Disloyalty and snitching in Labour’s ranks – and yes, that’s a kriss in Goff’s back

As unattractive to Chris Carter as Phil Goff's leadership.

Alf is struggling not to feel sorry for Phil Goff, after the kerfuffle in the Labour Party that resulted in Chris Carter being tossed out of their caucus for being a sneaky bastard and a disloyal one who sent an unsigned letter to media representatives in an attempt to undermine Goff’s leadership.

Why Carter went to the bother is beyond understanding, because Goff has been doing such a splendid job of being an election-losing leader that nobody really needed to be told this was so in an unsigned letter, although – come to think of it – the news media are not all that bright, and perhaps needed a nudge from Carter to see the obvious.

The bit of the Stuff report that Alf especially savours relates to Carter’s stress levels, which seem to be remarkably high, and to his love of overseas travel, which he seems to have been doing at the expense of Chinese taxpayers now that embarrassing publicity has caused him to be reined in from travelling too much at the expense of Kiwi taxpayers..

Alf notes with delight that…

he went on an unsanctioned trip to China and Tibet during a parliamentary recess, which Mr Goff and senior Labour members are citing as Mr Carter’s latest rule-breaking behaviour which they suggest has put the MP under stress.

Mr Carter said the Chinese government paid for the trip so he could attend a conference, and he is accusing his former colleagues of using the issue to deflect attention from his message that Labour can’t win the next election with Mr Goff as leader.

Alas, Carter intends to continue remaining on the public payroll.

He is determined to continue to sit in Parliament until the next election, representing the people of Te Atatu, although – a big hurrah, here folks – he won’t seek re-election.

Alf will not shed a tear when Carter has gone. Nor will Mrs Grumble, who reckons he is an ugly bugger and moreover he is someone she could never possibly have fancied, even if he were a Nat, although Alf would not have been too dismayed if she did fancy him, because Alf knows full well that Carter would never have fancied her, even when she was in her nubile prime and looked like Eketahuna’s answer to Brigitte Bardot.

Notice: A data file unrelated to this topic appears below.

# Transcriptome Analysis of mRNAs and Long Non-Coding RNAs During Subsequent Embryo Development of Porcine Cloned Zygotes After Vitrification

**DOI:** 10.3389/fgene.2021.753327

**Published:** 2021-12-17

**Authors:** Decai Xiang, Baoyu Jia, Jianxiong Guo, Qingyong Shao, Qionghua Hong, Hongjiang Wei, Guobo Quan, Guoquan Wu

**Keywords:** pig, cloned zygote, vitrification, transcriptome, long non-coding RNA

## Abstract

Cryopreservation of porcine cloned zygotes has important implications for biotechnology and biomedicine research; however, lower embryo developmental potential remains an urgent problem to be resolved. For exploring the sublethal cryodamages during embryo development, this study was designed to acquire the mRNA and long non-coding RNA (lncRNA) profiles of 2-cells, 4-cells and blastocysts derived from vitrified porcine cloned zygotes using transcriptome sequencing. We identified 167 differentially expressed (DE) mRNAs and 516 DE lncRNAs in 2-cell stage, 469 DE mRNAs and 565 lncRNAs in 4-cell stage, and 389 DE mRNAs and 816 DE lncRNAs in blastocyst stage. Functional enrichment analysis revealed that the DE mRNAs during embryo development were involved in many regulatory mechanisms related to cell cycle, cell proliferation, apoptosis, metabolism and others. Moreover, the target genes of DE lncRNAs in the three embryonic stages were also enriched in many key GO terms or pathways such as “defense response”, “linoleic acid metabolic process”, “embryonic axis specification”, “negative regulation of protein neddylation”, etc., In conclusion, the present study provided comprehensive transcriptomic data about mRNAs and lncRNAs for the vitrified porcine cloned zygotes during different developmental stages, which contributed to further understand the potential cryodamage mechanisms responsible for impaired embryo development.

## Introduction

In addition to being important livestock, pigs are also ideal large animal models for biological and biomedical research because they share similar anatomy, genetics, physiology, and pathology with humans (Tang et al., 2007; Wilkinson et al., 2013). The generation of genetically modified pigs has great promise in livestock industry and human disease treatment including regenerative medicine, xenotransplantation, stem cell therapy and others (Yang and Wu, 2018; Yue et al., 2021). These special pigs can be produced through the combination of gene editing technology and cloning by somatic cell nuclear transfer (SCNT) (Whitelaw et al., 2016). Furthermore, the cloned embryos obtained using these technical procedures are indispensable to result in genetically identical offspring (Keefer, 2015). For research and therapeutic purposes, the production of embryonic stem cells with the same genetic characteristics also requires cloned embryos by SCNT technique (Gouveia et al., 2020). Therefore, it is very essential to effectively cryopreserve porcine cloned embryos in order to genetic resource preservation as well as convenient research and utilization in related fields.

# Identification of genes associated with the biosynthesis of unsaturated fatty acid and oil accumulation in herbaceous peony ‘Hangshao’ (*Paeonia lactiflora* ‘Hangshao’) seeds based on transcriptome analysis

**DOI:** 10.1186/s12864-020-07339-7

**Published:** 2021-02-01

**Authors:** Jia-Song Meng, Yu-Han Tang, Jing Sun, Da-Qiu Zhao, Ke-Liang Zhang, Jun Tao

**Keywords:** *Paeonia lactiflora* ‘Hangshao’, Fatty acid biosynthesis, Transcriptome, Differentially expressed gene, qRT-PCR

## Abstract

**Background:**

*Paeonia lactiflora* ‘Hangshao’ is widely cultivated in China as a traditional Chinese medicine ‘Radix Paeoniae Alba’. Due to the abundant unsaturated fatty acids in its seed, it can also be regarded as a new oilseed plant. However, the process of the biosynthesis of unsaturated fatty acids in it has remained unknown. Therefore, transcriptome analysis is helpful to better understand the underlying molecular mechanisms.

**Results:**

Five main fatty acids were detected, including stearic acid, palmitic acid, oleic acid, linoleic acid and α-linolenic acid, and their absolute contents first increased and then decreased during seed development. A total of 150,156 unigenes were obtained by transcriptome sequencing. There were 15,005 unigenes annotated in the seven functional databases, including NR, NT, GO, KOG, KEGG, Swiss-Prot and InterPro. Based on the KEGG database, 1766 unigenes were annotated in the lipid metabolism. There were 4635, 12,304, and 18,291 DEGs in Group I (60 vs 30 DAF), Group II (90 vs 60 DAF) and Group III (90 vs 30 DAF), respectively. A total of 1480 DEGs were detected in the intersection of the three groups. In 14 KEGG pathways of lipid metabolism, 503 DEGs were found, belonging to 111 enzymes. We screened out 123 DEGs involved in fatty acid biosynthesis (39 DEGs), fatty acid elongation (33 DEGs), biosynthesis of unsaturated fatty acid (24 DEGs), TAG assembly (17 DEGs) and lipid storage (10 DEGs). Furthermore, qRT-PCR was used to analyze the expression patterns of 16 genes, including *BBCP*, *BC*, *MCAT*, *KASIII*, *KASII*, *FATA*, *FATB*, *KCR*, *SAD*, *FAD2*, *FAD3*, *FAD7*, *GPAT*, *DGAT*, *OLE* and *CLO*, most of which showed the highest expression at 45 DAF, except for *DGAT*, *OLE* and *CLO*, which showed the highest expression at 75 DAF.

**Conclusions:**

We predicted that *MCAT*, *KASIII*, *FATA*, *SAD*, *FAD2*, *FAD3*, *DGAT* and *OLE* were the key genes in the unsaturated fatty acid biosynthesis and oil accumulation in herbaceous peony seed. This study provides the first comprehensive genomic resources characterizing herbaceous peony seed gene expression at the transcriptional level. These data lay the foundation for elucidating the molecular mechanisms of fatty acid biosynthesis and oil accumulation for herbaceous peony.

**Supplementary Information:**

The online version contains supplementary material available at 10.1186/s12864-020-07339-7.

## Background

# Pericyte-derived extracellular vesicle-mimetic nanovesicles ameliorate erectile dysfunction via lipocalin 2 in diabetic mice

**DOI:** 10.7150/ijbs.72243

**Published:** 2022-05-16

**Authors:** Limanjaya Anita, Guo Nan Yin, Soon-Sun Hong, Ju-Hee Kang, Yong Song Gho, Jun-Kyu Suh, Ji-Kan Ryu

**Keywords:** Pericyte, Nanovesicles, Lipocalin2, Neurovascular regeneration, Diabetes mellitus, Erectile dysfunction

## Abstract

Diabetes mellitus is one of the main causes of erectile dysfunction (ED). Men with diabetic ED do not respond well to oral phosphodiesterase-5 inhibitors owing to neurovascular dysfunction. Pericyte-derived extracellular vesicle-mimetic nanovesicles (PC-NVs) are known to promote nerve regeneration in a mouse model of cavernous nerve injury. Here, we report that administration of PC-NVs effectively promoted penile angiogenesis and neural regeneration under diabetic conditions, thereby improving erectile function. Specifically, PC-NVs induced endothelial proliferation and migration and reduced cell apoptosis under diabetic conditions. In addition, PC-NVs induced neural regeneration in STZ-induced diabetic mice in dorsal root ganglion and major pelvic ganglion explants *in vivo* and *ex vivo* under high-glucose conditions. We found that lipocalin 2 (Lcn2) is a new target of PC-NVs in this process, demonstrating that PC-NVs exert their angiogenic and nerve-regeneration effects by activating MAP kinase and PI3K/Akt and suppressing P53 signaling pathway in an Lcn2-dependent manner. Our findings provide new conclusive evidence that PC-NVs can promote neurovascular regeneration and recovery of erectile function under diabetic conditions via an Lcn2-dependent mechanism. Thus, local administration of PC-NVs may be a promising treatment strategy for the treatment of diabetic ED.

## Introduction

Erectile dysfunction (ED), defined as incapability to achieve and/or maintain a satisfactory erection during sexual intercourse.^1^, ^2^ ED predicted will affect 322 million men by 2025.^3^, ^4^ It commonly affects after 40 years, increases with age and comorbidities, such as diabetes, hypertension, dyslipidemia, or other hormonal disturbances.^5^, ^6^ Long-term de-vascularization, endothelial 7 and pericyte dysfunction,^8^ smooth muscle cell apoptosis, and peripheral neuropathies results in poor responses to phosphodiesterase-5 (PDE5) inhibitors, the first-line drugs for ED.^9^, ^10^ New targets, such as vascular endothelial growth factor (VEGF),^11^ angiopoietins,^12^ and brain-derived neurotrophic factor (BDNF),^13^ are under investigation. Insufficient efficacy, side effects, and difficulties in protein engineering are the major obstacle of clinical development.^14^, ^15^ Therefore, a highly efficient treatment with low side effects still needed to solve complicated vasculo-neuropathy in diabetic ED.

But let’s get back to Goff and his political problems (may many more come his way before the next election).

Goff wants Carter to reconsider staying on as an MP.

“That decision constitutionally is his, but he was elected as a Labour MP and he no longer has that mandate. He needs to reflect on that,” Mr Goff said.

“I think that he does not have a mandate to be the Member of Parliament for Te Atatu, given the withdrawal of support from the Labour Party.”

Goff also said he was confident Labour still had the support of the community in Te Atatu.


A more fascinating question is whether Carter still has the support of the community in Te Atatu.


It’s an Auckland electorate, after all, and Aucklanders are apt to be warped buggers who probably get a buzz out of being represented in Parliament by a bloke with a track record for being a snitch and a sneak.

The snitch bit is the unsigned letter about Goff’s leadership. The sneak bit is the trip to China.

Mr Carter said he didn’t tell anyone about his trip because it didn’t involve any taxpayer funding, and Mr Goff only found out about it after he had returned.

Mr Goff said today Mr Carter had an obligation to tell the party whips about the trip, and seek permission for it.

“Recesses aren’t about holidays. They’re about doing your party work and your parliamentary business,” Mr Goff said.

“If this was parliamentary business he should have notified us and if he wasn’t going to be in the country, available to do parliamentary business, he should have notified the whips. He failed to do so.”

Goff – of course – disagrees with Carter’s belief that Labour can’t win the next election without a change of leader.

“I am confident. I think that we have the ability,” he said.

“We start as the underdog, but as we’ve seen in Australia, a week is a long time in politics.”

He would say that, of course.

Alf is wagering he is wrong and is confident he will not lose his money.

Labour was well on course to ensure the wager would not be lost, of course, before Carter tried to nobble his leader by sticking a knife – or was it a kriss? – in his back.